How Fearless Defenders Tricked Us All

I was reading this piece on Fearless Defenders, in which Carla Hoffman talks about a certain spoiler and how it managed to trick an audience who repeatedly say that death in comics is meaningless. And y’know, she’s absolutely right – comic fans (and critics) might like to pretend that we can see what’s coming down the line, that comics are predictable…. but comics proved us all wrong.

Spoilers for Fearless Defenders below

fearless

So one of the most frequent statements uttered by comic readers is “death is meaningless in comics”. As mainstream comics move onwards forever and ever, and in theory would outlive all of us, so no character is ever going to be killed forever. Spider-Man might be dead right now, but Marvel already killed and brought him back in the past. Bucky came back to life. Captain America came back to life. Every character – aside from Uncle Ben and Gwen Stacy – seems to have died and then come back to life at least ONCE.

Yet judging from the reaction to the most recent arc of Fearless Defenders, we aren’t as cynical as we make out. You see, in the story, the character Annabelle Riggs was killed off… and fans went BALLISTIC.

Not only was Annabelle Riggs a female character killed off in order to further the story of a different character (Valkyrie) but she was also a lesbian. When she was killed off, fans didn’t just react to the classic ‘fridging’ trope – they reacted with all the fury of a fanbase denied a new strong LGBT character.

But just as toast always lands butter-up, Annabelle Riggs has returned alive and well, one issue later. Which… makes all that anger seem a little silly, doesn’t it? Some fans threatened to quit the series, some attacked writer Cullen Bunn, and many websites fuelled the fire.

And they’re now proven to have fallen into the trap. Annabelle was always planned to live on, and another character thought dead has come back to life. For all fans speak of expecting every character to come back to life… fans certainly didn’t see this one coming.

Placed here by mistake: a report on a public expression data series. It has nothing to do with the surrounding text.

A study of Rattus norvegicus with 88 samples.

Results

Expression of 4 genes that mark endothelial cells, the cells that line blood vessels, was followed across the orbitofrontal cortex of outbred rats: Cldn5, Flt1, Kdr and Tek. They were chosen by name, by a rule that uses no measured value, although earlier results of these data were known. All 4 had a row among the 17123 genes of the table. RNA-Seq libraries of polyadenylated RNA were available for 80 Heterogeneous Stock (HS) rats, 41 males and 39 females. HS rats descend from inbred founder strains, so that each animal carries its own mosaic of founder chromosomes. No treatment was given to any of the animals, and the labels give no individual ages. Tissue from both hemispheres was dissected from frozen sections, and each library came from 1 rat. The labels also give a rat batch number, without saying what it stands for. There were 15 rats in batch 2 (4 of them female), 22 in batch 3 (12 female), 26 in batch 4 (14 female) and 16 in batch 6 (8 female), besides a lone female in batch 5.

I wonder how much this pleases the creative team. Cullen Bunn, Will Sliney and Ellie Pyle had this planned from the start (in my email back-and-forth with Will whilst we ran our character profiles on The Beat, I’ve suddenly realised he’d made frequent reference to her upcoming death/rebirth, the SWINE!) and must have been prepared for some backlash.

To what extent does a creative team enjoy being attacked, when they know that the attackers are going to be proven wrong in a month? Some creators take delighted glee in the fact they know more than anyone else does about the future. Others play up the shock of a death for months, knowing they’ve already established the means by which the character is coming back.

Any discussion of a book raises the profile of a book, after all. But if a prominent website gets outraged about an incomplete storyline, can’t that have a negative effect on sales? As Hoffman notes, there may be some readers who found out about Riggs’ death and dropped the book immediately. They may never find out that she came back, or that this was the plan all along.

For all fans might pretend they’re in the know and can predict a storyline months before it happens – Fearless Defenders proved that death can still have impact.  It’s fascinating how the Annabelle Riggs storyline caught everyone out, making established websites, known critics, fans and anonymous tumblr writers all look foolish for overreacting too quickly. Comics are a continuing medium, and a story is never complete until the writer leaves the book.

But we still fall for the same old trick, time after time. Well played, Fearless Defenders.

4 thoughts on “How Fearless Defenders Tricked Us All

  1. And now Will’s just pointed out that Annabelle is a noted Indiana Jones fan – and the creative team put her in a fridge! AHH it was signposted FROM THE START!!

  2. Even if she hadn’t been brought back, I think this showcases how fans can overreact. I mean, this is probably part of the reason you don’t see as many LGBT and minority characters- do anything interesting with them or give them any nuance as characters and you get accused of a hate crime.

    • Are you seriously alleging that the reason LGBT* and minority characters are under represented is because the fanbase reaction may be negative?? Pure hilaritiy. LOL

      • That’s not what i said. What I said was that using minorities (I’m using the term as a catch-all) is like walking through a mine field. If Annabelle Riggs had been straight we wouldn’t be having this conversation.

        Tell me, what would you do if one possible perceived miss-step could mean you and your family receive death threats? You would either 1). Play it safe and not use LGBT characters at all or 2). make them so dull and inoffensive as to be completely boring. So I applaud this maneuver that exposes they hypocrisy in many who would fight hatred, because apparently the hatred is in them.